De Mond is a tiny lagoon that can produce exceptional catches. The most memorable ones are those from the past, such as the 30-odd-kg kob taken in the river just below the hanging bridge.
It has always been a sad thought for me that most of the big fish we hear about were caught many years (if not decades) ago. I’ve heard of very few significant catches in my time. I refer to the time I’ve spent chasing fish with a fly rod as ‘my time’ (a time period just over ten years), since it was only in my university years when I had a car that allowed me to venture further than the municipal dams near my parental home and when I also discovered the versatility and potency of a ‘fly’ that I really started exploring other waters.
My first visit to De Mond Nature Reserve was quite memorable. I caught my first garrick on fly in that lagoon and I must admit that it was quite a good fish too. In the years that followed, I caught many smaller garrick but never saw a fish as big as my first. I also recall chumming with bread to attract and catch mullet, but the fish we (Billy De Jong and I) caught were southern mullet and Cape moonies of average proportions – nothing to write home about. We saw large striped mullet from time to time, as well as the odd and enigmatic flathead mullet, but simply couldn’t come right with these on fly fishing tackle.
It was only recently with the knowledge from fellow anglers and the experience from time spent on the water that I started catching big striped mullet. The method (described in: http://feathersandfluoro.com/?p=6741) has given me enough confidence to guide a client, Mark Vogt, to De Mond late in December 2014 to catch these fish. It was not an easy task to describe the technique I use, but Mark was a cunning angler and after attracting a large shoal of these mullet with bread and anchovy oil he hooked and landed a couple of surprisingly big fish on fly.
After the successful guiding trip I explained the method in detail to Billy De Jong over the telephone and suggested that he tried it (this was early in January 2015 and I was already back at work and Billy was still on holiday). I waited the whole day in anticipation of the phone call from Billy to tell me about the 3 kg striped mullet he’d caught; but when the phone finally rang, I answered to a very confused Billy whom explained how he had caught a 4 kg kob on fly in the river channel. To top his story of his kob, he told me about a 10 kg Garrick that was caught on live bait just above the hanging bridge…His story sounded unbelievable until he sent me photographs of the kob.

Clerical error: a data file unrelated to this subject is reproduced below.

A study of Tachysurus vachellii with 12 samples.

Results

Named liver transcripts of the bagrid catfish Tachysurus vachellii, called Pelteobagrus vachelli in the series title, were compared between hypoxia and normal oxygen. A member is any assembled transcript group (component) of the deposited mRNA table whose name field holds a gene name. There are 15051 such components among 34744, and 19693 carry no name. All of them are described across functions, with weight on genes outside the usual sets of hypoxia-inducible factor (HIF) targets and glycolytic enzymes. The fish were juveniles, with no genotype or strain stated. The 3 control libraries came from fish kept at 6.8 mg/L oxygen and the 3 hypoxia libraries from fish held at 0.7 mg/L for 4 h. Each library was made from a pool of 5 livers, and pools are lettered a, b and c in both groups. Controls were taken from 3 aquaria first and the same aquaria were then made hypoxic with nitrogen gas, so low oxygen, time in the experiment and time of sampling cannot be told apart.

However, my story doesn’t end there. The cherry on the cake for me was a large flathead mullet that I caught over the New Year’s weekend (31 Dec 2014 – 1 Jan 2015). I had arranged to meet Conrad Botes and Mike Gradidge at the grunter flats around noon, but I arrived early and decided to make a few casts for garrick while I waited for them. After a few follows from unidentified fish, there was a sudden pull on the small red-and-white Whistler and before I could even set the hook properly my entire fly line was stripped off the reel and the fish had run me into my backing.
After a lengthy tug war between a fish that cast a metre long shadow on the bottom and a desperate angler trying to protect the 3X tippet from snapping on the powerful and long runs, a whale of a flathead mullet was ‘beached’. It was a beautiful fish that measured just short of 60 cm in length. It was a fish that will stay in my memory and a catch that will hopefully confuse you as much as it puzzled me and my fishing companions.